There appears to be a good bit of truth to the saying, “Hang out with your fans.” It makes sense that it’s a good idea to surround ourselves with supportive people, but a new study shows how this plays out, finding that support makes us more likely to pursue opportunities. And there’s another step: Pursuing opportunities is linked to long-term happiness, both with one’s spouse and with one’s life in general.

Researchers had 163 couples come into the lab and fill out questionnaires about the strength of the relationship, what kinds of attachments they had, and how motivated they were to support each other (for example, answering questions like, “On occasions when I encourage or support my spouse’s goals, I generally do so because…”).

Not only do our relationships predict whether we pursue opportunities, but whether we pursue opportunities seems to affect our long-term psychological well-being.

Then one of the partners was asked to make decision about whether the couple should complete fairly simple puzzles (which they would do together), or to engage in a public speaking competition with other participants, for which they might win a prize of $200. The researchers recorded the couples as they discussed which opportunity the decision-maker should choose. Six months later they had the couples fill out questionnaires about their well-being and relationship quality.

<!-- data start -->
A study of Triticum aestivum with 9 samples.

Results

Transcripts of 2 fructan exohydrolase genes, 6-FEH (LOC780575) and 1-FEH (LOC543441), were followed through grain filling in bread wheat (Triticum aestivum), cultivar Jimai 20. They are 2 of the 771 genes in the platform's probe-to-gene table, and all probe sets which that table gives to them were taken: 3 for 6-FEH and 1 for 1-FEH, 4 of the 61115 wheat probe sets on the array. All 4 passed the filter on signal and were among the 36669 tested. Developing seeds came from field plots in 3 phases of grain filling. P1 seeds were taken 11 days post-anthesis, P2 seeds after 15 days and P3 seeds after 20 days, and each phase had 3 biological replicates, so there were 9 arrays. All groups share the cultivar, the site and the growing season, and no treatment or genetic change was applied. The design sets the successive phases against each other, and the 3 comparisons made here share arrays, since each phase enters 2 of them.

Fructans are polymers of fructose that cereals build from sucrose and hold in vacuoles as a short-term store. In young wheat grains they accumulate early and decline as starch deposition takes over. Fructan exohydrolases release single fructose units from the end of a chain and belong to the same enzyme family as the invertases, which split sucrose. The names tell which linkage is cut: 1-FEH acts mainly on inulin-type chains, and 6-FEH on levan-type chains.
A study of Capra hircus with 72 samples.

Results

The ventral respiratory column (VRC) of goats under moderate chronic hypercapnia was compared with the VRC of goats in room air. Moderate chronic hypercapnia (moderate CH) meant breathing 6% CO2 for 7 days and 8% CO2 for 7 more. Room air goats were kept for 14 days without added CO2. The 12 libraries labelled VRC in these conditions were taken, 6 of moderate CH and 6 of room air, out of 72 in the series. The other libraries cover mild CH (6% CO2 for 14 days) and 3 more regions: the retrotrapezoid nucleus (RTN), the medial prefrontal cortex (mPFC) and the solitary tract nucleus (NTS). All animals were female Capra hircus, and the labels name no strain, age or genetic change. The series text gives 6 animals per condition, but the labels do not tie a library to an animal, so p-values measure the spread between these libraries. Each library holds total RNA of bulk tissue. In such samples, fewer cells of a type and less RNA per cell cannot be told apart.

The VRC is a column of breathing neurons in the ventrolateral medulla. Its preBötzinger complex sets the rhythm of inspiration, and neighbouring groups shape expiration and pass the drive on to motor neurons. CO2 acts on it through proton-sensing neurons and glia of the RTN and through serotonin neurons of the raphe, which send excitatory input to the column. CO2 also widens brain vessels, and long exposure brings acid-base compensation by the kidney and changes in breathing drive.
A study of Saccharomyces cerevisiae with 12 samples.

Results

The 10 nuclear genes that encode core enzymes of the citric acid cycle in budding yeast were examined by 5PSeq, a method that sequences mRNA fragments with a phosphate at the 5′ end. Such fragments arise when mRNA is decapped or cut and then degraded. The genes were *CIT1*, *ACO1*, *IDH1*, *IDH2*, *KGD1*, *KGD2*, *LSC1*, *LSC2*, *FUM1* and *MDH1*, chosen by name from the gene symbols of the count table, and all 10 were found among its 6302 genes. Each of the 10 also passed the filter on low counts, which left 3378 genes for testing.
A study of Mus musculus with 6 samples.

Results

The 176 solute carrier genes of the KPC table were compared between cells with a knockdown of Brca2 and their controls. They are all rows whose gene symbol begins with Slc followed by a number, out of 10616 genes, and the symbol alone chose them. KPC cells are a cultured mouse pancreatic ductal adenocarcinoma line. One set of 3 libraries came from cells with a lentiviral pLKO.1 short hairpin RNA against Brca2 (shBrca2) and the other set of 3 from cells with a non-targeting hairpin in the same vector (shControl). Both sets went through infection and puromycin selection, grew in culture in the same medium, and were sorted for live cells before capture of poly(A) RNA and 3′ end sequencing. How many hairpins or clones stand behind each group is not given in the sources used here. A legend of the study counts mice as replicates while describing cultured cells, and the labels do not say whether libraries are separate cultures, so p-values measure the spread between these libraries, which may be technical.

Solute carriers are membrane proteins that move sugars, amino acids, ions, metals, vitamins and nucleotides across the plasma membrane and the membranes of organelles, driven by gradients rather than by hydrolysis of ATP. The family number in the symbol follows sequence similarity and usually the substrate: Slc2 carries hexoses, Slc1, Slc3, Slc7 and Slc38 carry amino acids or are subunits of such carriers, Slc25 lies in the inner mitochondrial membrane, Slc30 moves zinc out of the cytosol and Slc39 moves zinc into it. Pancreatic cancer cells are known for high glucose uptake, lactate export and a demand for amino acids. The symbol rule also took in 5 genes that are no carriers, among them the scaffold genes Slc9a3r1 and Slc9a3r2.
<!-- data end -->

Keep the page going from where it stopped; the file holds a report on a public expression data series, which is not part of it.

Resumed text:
Those partners whose spouses were more supportive, expressed enthusiasm and reassured them about their choice were more likely to compete for the prize. Those who had partners who were less encouraging or who expressed a lack of confidence in their spouse were more likely to choose to do the puzzles.

More interesting was that people who had chosen the public speaking opportunity were happier six months later — they also reported better relationships, better psychological well-being and more personal growth than those who’d chosen the puzzles.

So it seems that not only do our relationships predict whether we pursue opportunities, but pursuing opportunities seems to affect our long-term psychological well-being, though the experiment doesn't show exactly how these pieces fit together.

What is clearer, say the Carnegie Mellon University researchers, is that pursuing opportunities in life is in general linked to happiness. “We found support for the idea that the choices people make at these specific decision points — such as pursuing a work opportunity or seeking out new friends — matter a lot for their long-term well-being,” said study author, Brooke Feeney, in a statement.

Whether your spouse or partner is supportive certainly has an effect both on overall happiness and how you approach opportunities in life. “Significant others can help you thrive through embracing life opportunities,” said Feeney. “Or they can hinder your ability to thrive by making it less likely that you'll pursue opportunities for growth.”

So make sure to be supportive of your partner and encourage them to explore new opportunities as they arise. You’ll both be the happier for it. If you don’t have a partner, don’t worry: Surround yourself with friends who support you — they can be just as encouraging and supportive as a spouse.

The study is published in Personality and Social Psychology Bulletin.